By Riley Ubben
Whenever anyone in the music blogosphere talks about Wild Flag, the band’s riot grrrl credentials almost always seem to be the primary focus. Sure, everyone loves to throw around the “supergroup” tag, but the success of these ladies’ past projects (Sleater-Kinney, Helium, The Minders) certainly isn’t the only reason for their success now. Plenty of supergroups make headlines every year, but rarely do these projects deliver. I mean, have you heard Loutallica?
The reason Wild Flag’s debut is still relevant is because it’s one of the few releases of the year that rocks. And I mean really rocks—the kind of rocking that the indie scene forgot about around the time the laptop became an acceptable substitute for a band. It’s incredibly refreshing, and it’s why even those who never listened to The Woods are paying attention.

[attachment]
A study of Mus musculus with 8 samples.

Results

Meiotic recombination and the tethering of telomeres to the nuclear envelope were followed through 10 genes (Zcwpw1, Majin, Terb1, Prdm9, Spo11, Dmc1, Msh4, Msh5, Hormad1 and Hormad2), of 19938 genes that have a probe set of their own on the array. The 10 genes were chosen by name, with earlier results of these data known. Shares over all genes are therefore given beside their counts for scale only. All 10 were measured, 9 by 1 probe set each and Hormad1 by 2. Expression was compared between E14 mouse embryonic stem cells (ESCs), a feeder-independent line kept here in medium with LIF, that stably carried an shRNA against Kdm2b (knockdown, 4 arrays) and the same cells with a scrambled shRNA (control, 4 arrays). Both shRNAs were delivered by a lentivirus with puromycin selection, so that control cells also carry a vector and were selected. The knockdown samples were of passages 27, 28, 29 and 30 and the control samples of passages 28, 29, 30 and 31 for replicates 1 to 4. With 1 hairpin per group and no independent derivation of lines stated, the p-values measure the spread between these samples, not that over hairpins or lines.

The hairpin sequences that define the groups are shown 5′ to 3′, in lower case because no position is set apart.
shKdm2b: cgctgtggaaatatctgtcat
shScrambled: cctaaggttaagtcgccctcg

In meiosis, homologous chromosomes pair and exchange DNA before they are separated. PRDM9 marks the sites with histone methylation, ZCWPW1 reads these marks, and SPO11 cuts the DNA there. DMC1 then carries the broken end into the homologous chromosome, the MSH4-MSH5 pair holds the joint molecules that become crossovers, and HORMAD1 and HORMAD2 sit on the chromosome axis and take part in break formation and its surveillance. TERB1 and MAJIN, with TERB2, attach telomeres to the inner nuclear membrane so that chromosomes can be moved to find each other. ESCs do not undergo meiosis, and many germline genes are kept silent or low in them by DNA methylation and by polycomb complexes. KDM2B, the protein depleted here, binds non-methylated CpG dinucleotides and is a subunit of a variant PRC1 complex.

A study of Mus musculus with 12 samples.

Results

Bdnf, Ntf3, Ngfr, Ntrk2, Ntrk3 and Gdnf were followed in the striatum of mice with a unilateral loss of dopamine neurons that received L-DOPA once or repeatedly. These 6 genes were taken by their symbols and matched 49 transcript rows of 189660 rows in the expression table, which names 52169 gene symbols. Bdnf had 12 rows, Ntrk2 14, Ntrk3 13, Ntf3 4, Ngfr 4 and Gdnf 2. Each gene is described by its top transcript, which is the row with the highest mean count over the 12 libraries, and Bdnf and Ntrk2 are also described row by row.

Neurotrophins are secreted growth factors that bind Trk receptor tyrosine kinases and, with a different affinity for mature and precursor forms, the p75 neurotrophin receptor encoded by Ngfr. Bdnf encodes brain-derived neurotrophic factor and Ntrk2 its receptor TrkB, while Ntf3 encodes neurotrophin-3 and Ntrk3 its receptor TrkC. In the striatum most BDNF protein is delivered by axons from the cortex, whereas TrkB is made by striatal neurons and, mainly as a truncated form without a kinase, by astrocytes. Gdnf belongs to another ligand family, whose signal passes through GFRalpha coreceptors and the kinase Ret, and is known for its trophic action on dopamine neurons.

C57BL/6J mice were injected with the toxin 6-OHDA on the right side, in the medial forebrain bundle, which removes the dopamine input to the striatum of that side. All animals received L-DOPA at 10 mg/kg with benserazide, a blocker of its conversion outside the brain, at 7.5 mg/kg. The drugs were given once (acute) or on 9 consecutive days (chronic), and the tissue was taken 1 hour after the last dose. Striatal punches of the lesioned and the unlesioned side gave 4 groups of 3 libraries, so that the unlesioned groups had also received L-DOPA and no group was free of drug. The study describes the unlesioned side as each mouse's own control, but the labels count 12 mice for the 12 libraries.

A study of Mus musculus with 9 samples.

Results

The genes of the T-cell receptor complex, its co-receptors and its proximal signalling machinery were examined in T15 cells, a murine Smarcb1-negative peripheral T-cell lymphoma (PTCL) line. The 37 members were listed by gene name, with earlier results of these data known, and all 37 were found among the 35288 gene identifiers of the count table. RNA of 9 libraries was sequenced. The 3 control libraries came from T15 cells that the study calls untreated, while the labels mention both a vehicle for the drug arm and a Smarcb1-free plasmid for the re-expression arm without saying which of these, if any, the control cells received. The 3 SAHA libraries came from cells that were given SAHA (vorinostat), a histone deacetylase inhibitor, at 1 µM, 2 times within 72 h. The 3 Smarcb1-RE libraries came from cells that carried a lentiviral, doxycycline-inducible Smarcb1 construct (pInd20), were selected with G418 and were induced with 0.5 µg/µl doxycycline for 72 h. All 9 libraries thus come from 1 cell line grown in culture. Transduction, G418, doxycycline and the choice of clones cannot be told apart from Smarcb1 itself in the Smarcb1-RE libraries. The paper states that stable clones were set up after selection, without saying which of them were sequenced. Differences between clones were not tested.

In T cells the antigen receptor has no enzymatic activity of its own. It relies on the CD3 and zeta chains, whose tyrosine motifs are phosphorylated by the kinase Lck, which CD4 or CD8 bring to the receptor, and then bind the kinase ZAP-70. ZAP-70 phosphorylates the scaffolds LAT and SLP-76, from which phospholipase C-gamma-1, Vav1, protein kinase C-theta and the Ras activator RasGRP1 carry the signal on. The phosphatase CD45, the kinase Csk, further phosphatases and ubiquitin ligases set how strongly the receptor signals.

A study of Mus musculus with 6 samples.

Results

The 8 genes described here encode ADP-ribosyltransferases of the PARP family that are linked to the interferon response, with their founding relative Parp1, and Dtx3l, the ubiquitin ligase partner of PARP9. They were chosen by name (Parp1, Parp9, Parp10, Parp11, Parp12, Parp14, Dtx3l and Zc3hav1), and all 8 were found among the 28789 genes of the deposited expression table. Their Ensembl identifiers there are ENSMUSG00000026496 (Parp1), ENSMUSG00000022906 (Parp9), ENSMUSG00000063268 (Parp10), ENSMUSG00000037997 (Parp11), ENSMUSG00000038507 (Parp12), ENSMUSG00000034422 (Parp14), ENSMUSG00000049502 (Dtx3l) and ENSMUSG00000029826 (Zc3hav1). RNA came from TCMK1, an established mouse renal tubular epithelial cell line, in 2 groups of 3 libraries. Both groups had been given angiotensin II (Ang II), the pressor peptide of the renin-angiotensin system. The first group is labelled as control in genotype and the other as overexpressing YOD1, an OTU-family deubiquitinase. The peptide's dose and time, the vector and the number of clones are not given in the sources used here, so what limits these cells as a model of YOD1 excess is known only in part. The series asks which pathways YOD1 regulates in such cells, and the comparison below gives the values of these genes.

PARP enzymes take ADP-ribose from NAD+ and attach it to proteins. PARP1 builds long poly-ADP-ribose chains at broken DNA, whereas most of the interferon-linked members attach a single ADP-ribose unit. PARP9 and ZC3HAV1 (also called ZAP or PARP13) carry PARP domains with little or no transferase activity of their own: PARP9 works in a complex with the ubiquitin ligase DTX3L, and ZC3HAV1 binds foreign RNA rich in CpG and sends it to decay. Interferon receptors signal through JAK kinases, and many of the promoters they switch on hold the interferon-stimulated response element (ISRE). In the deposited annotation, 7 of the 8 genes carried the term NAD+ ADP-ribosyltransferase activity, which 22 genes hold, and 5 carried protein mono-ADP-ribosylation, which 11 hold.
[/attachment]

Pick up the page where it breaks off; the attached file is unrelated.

While their synth-toting nostalgia junkie peers are busy trying to out-chill one another, Wild Flag aren’t afraid to get riled up. Nobody’s hiding behind any reverb here—Carrie Brownstein and Mary Timony belt out their vocals with a raw, unfiltered energy that matches the combative nature of the lyrics perfectly. Even in the mellow, psychedelic aura of “Glass Tambourine,” the words hit hard with a biting sarcasm that criticizes the frail temperament of today’s trendsetters.
In addition to being able to write a mean chorus, Brownstein and Timony also know their way around a fretboard. There’s a solo around every corner, with “Glass Tambourine,” “Short Version,” and “Black Tiles” showcasing some of their best shredding.
Of course the guitar-centered rock album isn’t a new idea by any means–more than anything, it’s a return to form. But it’s what so many of us were hungry for, and somehow Wild Flag make it feel downright revolutionary.